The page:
On June 19 and 20, the presidents of Chile, Colombia, Mexico, and Peru met in Punta Mita, Mexico, for the Pacific Alliance’s ninth Summit. The Alliance, a pro-trade bloc made up of those four countries and 32 observers, promotes economic integration and joint growth of members with an emphasis on the Asia-Pacific region. Punta Mita also hosted the twelfth meeting of the Pacific Alliance Council of Ministers featuring the bloc’s ministers of foreign affairs and trade.
This is the first summit that Michelle Bachelet, Chile’s newly elected president, and Heraldo Muñoz, her minister of foreign affairs, attended. Alongside their counterparts, the two Chilean officials addressed a series of new steps the group is taking towards greater integration. And, as part of a new direction for the Alliance spurred on by Bachelet, Alliance members announced they would meet this year with representatives from Latin America’s other big trade bloc: Mercosur.
Ahead of the summit, Bachelet stated that while the Asia-Pacific region should remain a focus for the Alliance, her administration would promote changes. “Perhaps the main element of change is the intensification of ties with Latin America and the Caribbean, particularly with South America,” explained Muñoz. “Beyond legitimate differences, it is perfectly possible to achieve levels of convergence between Alliance countries and Mercosur, between the Atlantic and the Pacific. Not only is it possible: it is also necessary,” said Bachelet.
Addressing the apparent differences in position between the two blocs, Muñoz said: “Foreign policy will have no ideological bias. It will have a pragmatic bias.” To this end, a ministerial meeting between the two blocs was scheduled for late July in Cartagena, Colombia. The Chilean delegation also proposed to organize a seminar between the two blocs for academics, business groups, entrepreneurs, and senior officials in September. But any membership negotiations are “a long way off,” and other countries might not “necessarily want to join,” added Muñoz.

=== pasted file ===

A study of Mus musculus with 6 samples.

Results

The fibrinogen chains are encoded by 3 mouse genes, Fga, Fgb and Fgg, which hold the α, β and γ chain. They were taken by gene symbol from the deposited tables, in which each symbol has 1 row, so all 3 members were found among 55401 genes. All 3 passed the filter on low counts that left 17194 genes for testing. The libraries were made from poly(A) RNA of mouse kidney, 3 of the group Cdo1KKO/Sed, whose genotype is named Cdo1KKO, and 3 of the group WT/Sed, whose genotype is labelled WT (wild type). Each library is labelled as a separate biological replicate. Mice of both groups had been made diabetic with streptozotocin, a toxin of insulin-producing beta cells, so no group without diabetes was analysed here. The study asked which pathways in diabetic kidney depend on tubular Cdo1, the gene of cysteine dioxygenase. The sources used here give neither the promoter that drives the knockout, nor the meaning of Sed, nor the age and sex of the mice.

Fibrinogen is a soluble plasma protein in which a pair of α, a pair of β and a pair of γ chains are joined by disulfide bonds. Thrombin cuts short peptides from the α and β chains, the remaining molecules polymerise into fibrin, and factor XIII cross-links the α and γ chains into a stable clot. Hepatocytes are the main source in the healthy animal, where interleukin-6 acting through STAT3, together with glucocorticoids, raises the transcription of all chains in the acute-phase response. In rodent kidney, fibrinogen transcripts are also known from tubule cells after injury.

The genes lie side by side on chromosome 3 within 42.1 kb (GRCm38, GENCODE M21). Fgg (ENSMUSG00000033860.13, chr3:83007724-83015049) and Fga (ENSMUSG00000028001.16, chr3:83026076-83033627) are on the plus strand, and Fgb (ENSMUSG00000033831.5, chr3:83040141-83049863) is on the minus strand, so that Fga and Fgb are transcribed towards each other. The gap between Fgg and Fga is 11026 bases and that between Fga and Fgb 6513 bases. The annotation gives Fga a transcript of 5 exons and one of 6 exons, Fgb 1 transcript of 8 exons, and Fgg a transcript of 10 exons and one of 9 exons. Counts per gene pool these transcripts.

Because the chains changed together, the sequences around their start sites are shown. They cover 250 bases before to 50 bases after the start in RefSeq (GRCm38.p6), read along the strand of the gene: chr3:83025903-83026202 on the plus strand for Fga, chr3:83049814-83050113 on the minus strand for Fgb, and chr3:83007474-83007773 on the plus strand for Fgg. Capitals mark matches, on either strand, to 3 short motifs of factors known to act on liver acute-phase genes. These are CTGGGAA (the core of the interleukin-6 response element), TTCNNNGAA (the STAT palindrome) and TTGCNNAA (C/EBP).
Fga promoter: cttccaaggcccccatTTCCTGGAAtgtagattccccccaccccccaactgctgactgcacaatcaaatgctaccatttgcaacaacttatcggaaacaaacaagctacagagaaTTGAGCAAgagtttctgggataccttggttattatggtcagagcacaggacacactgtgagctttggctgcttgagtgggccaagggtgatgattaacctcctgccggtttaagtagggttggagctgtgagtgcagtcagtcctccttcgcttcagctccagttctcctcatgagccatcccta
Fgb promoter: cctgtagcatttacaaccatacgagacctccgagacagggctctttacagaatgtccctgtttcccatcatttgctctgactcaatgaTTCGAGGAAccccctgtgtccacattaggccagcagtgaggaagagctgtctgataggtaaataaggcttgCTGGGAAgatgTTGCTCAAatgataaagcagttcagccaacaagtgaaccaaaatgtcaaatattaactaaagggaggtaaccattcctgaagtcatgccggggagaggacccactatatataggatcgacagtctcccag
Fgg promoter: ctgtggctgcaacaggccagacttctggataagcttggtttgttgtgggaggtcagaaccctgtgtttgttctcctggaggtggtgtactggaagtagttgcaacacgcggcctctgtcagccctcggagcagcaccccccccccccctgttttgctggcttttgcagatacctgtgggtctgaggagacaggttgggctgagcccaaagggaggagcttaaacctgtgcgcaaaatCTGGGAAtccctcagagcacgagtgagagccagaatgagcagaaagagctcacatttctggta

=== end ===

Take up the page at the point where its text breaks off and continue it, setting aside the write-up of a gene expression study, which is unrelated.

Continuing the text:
The Southern Common Market, or Mercosur, is made up of Argentina, Brazil, Paraguay, Uruguay, and Venezuela. The group stands in contrast to its Pacific neighbors for its more protectionist stance toward trade. Nonetheless, both Paraguay and Uruguay already hold Pacific Alliance observer status and expressed interest in closer relations.
Other initiatives on the table in Punta Mita included Mexico’s entry into the Latin American Integrated Market (MILA), the transnational exchange made up of the Bogota, Lima, and Santiago stock markets. Mexico’s bourse is by far the largest in the group, and its entry into MILA—scheduled for fourth quarter 2014—will raise MILA’s market capitalization to close to a trillion dollars, comparable to São Paulo’s Bovespa exchange. The merger will allow listed companies access to funding across all four markets, and will in turn allow investors much broader opportunities.
Additionally, the bloc’s foreign ministers signed an agreement for a working holiday scheme, allowing 18- to 30-year-old nationals from Alliance members to legally work on tourist visas in any of the three other countries for up to a year.